THE UK government is expected to announce within months whether it has been successful in luring large-scale wind turbine manufacturing to Britain.
Business Secretary Vince Cable led the talks with some of the world’s biggest turbine specialists about opening factories in the UK. Speaking yesterday in Glasgow, Cable said the results of those discussions would emerge in “months rather than years”.
“Scotland is very much in the market for that, as is the northeast of England and Humberside,” Cable added. “Those are the main three areas.”
His comments came at the official launch of Offshore Renewable Energy (ORE) Catapult, one of seven elite technology centres currently up and running to support development in specific industrial sectors.
Headed by chief executive Andrew Jamieson, ORE Catapult employs 40 people but is set to grow to 100 within a year. One of its main aims is to bring down the cost of offshore wind and tidal power, which at current prices is about three times more expensive than gas or coal-fired energy.
ORE Catapult has published a report claiming that the offshore wind industry could generate £6.7 billion a year in added value to the economy by 2020. By that time, the industry could support as many as 150,000 jobs.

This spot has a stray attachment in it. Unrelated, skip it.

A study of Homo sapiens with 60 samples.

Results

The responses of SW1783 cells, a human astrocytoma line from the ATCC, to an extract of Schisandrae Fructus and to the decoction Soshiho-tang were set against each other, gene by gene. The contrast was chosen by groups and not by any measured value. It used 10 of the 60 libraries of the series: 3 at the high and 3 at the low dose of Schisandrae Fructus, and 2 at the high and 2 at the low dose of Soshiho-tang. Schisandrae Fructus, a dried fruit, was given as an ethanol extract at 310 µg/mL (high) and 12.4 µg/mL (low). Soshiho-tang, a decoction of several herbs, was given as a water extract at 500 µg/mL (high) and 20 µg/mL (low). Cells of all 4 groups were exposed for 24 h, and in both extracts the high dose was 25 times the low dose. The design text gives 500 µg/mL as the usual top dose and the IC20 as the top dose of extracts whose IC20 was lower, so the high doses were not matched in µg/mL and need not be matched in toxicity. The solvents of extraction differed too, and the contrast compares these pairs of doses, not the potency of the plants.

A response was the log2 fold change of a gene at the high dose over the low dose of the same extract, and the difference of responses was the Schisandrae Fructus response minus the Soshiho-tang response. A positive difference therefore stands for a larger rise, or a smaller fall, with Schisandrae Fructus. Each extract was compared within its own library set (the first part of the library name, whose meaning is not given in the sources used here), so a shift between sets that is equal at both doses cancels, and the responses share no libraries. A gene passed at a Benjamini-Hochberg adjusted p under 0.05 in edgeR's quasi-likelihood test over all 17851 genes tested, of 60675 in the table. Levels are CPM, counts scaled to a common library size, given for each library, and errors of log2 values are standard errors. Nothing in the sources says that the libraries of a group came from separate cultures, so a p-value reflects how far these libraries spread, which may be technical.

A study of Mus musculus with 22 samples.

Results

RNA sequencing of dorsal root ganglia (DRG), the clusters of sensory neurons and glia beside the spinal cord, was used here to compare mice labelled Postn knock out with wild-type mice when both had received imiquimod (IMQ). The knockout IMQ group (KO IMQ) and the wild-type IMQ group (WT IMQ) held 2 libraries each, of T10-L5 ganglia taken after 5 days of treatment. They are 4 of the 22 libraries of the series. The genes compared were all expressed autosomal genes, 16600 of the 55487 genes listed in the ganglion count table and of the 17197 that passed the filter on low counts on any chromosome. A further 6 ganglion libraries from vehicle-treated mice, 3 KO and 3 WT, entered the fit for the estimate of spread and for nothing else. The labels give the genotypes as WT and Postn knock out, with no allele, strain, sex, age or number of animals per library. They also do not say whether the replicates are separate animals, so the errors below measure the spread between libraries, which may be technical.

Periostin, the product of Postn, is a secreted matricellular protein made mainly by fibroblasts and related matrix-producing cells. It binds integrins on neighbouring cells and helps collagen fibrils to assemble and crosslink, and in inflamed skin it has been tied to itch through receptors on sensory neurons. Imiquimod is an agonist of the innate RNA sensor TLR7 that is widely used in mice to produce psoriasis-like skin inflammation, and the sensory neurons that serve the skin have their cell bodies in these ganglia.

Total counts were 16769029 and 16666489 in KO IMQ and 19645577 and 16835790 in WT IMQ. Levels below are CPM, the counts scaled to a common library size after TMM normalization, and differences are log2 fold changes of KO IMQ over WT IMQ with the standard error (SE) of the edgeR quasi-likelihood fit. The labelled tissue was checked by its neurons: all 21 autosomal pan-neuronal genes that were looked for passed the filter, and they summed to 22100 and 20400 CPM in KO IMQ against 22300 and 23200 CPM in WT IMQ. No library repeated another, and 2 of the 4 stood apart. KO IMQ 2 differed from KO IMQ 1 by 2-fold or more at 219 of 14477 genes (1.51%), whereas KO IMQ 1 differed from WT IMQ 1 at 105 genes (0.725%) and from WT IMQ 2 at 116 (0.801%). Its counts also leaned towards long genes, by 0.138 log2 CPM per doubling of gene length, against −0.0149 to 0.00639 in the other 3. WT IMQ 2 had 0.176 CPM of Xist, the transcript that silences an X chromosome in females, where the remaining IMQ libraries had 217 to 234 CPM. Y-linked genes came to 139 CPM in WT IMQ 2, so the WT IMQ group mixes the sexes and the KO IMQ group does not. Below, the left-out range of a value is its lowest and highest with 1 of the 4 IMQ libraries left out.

The research – based on data from BVG Associates and analysis from the Fraser of Allander Institute – considers growth potential under two scenarios. The first is a “gradual” path similar to current market conditions, the second an “accelerated” path spurred on by efforts to reduce costs and boost innovation.
A gradual rise to 8GW of installed wind power by 2020 would result in £2.3bn of gross value add (GVA) to the economy, supporting 50,000 jobs.
The accelerated growth path assumes 15GW of installed power, driving GVA to £6.7bn. This would support 150,000 jobs.
“This report clearly demonstrates the significant potential economic value of offshore renewables and why it is worth the investment now,” Jamieson said.